Sinclair outlines plays for its sports streamer

By Matt Collins Article may include affiliate links

Even as CNN+’s digital grave is still fresh, Sinclair Broadcast Group announced more details for its sports streaming service, including that it will also use a “plus” name.

Sinclair previously announced plans to launch a subscription streaming product under its Bally Sports division.

On May 4, 2022, during a scheduled earnings call, the service was referred to as Bally Sports+. It was also revealed the company plans to charge $19.99 a month or $189.99 a year for the streamer.

Bally Sports includes a series of regional sports networks previously owned by 21st Century Fox that were sold to Disney but then sold to Sinclair in order to avoid conflicts with Disney’s ownership of sports cable giant ESPN.

Sinclair, in turn, struck a deal with Bally to license its name to brand the networks it kept in operation.

Bally Sports networks are largely unavailable on streaming pay-TV services — of the major providers out there, only DirecTV includes it in a bundle.

Other names including YouTube TV, Sling TV, fuboTV and Hulu + Live TV have all stopped carrying it, which is one of the reasons setting up a streaming service is key to Sinclair’s strategy.

Plans call for the streaming service to offer a mix of NBA, NHL and MLB games that will vary by market. However, Bally only has forged streaming broadcast rights with select teams, so the offerings could end up being slim.

Sinclair plans to soft launch the new service in the second quarter of 2022.

Bally has linear rights with 38 teams across the three leagues and streaming rights with 33 teams. There’s a big hole, however, in baseball, because the network only holds streaming rights with five teams — and the sport is known for having one of the largest slates of matchups available.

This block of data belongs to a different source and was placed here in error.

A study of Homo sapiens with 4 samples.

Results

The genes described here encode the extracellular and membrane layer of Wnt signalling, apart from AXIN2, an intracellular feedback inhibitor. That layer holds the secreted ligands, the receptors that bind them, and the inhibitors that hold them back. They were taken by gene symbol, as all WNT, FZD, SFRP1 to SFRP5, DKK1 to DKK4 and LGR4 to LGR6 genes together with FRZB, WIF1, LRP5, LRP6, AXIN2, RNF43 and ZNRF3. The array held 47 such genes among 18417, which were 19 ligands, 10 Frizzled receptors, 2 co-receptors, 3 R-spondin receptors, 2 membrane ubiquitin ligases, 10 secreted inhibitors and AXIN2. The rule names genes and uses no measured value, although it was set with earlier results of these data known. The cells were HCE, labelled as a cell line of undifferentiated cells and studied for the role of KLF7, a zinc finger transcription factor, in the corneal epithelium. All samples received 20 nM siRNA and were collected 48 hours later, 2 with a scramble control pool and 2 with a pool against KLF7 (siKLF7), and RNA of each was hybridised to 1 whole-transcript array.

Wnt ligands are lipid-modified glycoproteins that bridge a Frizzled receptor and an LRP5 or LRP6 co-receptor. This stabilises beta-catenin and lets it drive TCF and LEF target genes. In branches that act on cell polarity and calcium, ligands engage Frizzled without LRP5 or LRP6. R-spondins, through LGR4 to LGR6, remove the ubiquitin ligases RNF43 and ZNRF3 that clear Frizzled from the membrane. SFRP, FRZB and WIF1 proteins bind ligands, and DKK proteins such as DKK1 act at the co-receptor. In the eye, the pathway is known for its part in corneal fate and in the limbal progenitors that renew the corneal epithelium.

Sinclair says it is working on deals with other teams, though it’s not clear how many of those deals could realistically be wrapped up by the launch date — especially considering some streaming rights are already locked up in multi-year deals.

The service’s announced pricing comes in lower than most other sports streamers, with the closest one being at $24.99 a month, though ESPN+ is just $6.99 a month, which includes content from and MLS Live.

ESPN+ has a limited selection of live sports that tends to focus on combat, college, tennis and golf plus limited baseball options, but also includes access to a variety of sports talk shows, documentaries and classic games.

Sinclair has not announced plans to offer original content or series on Bally Sports+. While many streamers use this type of content to lure people in and keep them signed up, the costs of producing this type of content is also significant and has been blamed for the less-than-stellar financials at Netflix and Paramount+.

CNN+, meanwhile, was a news-focused streaming service that was in business for less than a month and largely suffered from what could be a challenge for Bally Sports+ — a lack of content to draw viewers in and enough consumers willing to pay for it.